Mr. Mayor is the latest show from 30 Rock and Unbreakable Kimmy Schmidt duo Tina Fey and Robert Carlock. Together or separately, they have writing credits on four of the seven episodes that have aired so far. The cast is led by Ted Danson and includes Holly Hunter, Saturday Night Live’s Bobby Moynihan, Crazy Ex-Girlfriend’s Vella Lovell, and Speechless’ Kyla Kenedy.
There comes a time when even the most dedicated binge-rewatcher of 30 Rock, The Office, and Parks and Recreation gets tired of hearing the same jokes over and over again. When that happens, they look for something that will provide fresh laughs but still has the comfortable, character-driven feel of their favorite shows. That new show should be Mr. Mayor, a recently-premiered NBC show that’s available to stream on Peacock.
Mr. Mayor attempts to recreate the glory days of NBC comedy by combining the premise of Parks and Rec–dysfunctional workplace comedy about a local government office–with the comic sensibility of 30 Rock, via the mind of Tina Fey. Another NBC icon, Ted Danson of Cheers and more recently The Good Place, stars as Neil Bremer, a retired businessman who gets elected mayor of Los Angeles. He’s an out-of-touch old rich guy, but his heart is in the right place, and he actually wants to do right by the residents of the city, the people who work for him, and his teenage daughter Orly (Kyla Kenedy). He learns how to be a better politician and a better person from deputy mayor and longtime city council member Arpi Meskimen (Oscar winner Holly Hunter), a bleeding-heart do-gooder who actually knows how to get things done. Rounding out the core cast are Vella Lovell as Mikaela Shaw, Bremer’s image-obsessed chief of staff; Mike Cabellon as Tommy Tomás, his sarcastic chief strategist; and the great Bobby Moynihan as hapless communications director Jayden Kwapis. Every line the writers give Moynihan is a joke, and even when he’s not speaking, he’s doing comedy, like in a hilarious running gag where he never knows the appropriate way to sit.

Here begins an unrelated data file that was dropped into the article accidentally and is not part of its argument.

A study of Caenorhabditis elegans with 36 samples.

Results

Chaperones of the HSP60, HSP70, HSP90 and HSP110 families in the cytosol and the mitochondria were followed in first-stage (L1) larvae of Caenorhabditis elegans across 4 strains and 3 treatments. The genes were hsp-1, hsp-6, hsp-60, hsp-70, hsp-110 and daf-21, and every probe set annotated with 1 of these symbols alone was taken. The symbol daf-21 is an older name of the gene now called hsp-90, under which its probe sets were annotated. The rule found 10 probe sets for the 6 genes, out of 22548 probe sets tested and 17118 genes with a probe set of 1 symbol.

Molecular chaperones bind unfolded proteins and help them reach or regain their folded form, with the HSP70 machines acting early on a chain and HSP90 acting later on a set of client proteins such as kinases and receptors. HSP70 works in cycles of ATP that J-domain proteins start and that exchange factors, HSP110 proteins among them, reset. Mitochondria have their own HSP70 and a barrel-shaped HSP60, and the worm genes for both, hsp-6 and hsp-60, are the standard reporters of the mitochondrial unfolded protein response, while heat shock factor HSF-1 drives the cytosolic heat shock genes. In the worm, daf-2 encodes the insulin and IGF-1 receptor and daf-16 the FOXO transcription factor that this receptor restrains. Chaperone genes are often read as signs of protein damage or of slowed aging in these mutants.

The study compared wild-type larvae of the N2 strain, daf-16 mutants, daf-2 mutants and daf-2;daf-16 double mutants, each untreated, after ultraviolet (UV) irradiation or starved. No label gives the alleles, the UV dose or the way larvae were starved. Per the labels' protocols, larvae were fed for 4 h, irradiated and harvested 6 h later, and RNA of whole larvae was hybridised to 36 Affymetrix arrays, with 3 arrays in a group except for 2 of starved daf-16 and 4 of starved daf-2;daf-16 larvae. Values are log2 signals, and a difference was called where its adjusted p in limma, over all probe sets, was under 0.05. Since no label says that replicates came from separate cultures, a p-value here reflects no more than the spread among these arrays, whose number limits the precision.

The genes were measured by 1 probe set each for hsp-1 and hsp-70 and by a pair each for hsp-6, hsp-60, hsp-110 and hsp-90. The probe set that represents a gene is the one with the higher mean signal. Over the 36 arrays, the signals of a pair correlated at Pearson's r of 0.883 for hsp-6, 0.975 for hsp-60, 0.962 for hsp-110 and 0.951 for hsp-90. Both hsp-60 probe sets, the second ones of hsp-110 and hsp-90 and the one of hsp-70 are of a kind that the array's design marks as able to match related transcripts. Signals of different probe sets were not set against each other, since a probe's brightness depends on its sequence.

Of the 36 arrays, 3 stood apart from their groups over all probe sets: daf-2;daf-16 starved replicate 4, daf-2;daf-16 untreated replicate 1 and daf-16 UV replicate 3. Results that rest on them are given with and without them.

Mr. Mayor is as packed with jokes as you’d expect from a show created by Fey and her longtime collaborator Robert Carlock. You may have to watch it with your remote in hand in case you have to rewind it to catch a rapid-fire quip you missed. It’s that classic wry and pop cultural referential Tina Fey humor that gets very close to the line of being offensive but somehow manages to mostly stay on the right side. The primary targets of jokes on Mr. Mayor are oblivious people, whether they’re rich old white men or spoiled teenagers. The caustic humor makes the show lack the warmth that some sitcom fans may crave, especially in the post-Schitt’s Creek era, but, like Lemon and Donaghy, the characters do secretly care about each other. Hopefully that care becomes more explicit as the show progresses.
The show is still figuring out what works–the workplace comedy part is a lot more successful than the family comedy part–but it’s getting there, and it’s only going to keep getting better as it settles into itself. And the jokes that will make you throw your head back with laughter are already there. Get onboard now.
Part family comedy and part workplace comedy, Mr. Mayor is a perfect replacement for Parks and Recreation and 30 Rock, with a murderer’s row of talent in front of and behind the camera. If you’re looking for something to watch with the family that goes down easy but still has a little bit of bite, this one’s for you.
This is a show for anyone who loves 30 Rock, Parks and Recreation, or The Office, which is basically everyone above the age of 13 or so. There are jokes for people of Ted Danson’s generation and of Kyla Kenedy’s generation, and watching it together may help both sides avoid future “OK boomer” moments.
How to watch it: Streaming on Peacock and NBC.com. New episodes air Thursdays at 8/7c on NBC.